Linda LoRe, president and CEO of Fredrick’s of Hollywood, shared some of the intimate details of the women’s lingerie merchant’s marketing and multichannel strategy this morning with attendees of the 26th annual ACCM convention in New Orleans.
“If you aren’t looking at and talking to your consumer then your company is talking to itself,” LoRe said.
Fredrick’s of Hollywood suffered bankruptcy in 2000, and LoRe credited much of it with brand confusion taking place in the company’s three core sales channels: retail stores, catalogs and e-commerce. The company emerged from bankruptcy in 2003 and now does $150 million in sales annually, according to LoRe.
She credited the organization’s comeback with two strategies, first breaking down the silos in purchasing and marketing messages that existed between the channels. LoRe explained that, operationally, the company still has separate sales goals for each channel.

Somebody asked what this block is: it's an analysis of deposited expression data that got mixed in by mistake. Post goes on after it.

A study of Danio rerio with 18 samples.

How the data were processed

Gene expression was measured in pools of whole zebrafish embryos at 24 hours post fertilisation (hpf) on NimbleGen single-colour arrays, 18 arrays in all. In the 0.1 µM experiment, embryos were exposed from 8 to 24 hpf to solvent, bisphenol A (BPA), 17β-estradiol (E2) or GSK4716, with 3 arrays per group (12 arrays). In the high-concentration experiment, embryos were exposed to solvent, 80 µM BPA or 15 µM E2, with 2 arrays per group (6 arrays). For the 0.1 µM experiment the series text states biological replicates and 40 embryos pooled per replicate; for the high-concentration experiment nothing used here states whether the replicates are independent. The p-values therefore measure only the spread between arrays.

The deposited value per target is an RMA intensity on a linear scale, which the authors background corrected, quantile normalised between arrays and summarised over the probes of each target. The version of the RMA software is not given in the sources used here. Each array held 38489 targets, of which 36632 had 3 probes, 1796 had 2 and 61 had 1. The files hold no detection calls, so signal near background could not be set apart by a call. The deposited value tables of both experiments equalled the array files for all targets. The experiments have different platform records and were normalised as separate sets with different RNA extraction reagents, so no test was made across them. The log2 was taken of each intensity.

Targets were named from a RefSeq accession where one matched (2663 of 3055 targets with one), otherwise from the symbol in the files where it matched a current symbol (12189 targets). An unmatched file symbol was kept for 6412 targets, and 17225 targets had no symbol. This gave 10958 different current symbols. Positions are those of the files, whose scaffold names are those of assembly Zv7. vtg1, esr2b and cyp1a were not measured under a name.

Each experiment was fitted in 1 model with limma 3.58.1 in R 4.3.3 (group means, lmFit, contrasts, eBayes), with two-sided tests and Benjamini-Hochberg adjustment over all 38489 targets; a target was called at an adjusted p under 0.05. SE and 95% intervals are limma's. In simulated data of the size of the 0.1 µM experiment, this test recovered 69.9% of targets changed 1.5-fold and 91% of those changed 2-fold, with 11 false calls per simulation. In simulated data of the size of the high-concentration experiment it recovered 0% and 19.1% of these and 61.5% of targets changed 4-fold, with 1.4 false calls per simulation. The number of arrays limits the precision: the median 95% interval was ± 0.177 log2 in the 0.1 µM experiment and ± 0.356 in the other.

The second piece of a brand relaunch was understanding the company’s core and most profitable customer. LoRe defined her as a “sexy spender,” althrough research the company discovered that while a female majority – 38% of US women are not spending or thinking much about their lingerie – there is a 15% niche that spends 50% more than all of other female groups on their lingerie.
“The demographic is 18-35 years old, but she’s more of a psychograph,” explained LoRe. “She works full-time, is usually single, newly married or newly divorced, and she wears lingerie for herself.”
Targeting efforts toward this customer led to the launch of the company’s seduction brand that is exclusive to Fredrick’s and highlights special occasion lingerie. LoRe also touched on the brand’s difficulty with managing a changing inventory and producing a relevant print catalog. She said that catalog design will showcase one specific trend and the company uses social media and online channels to update new products that may fit that same trend.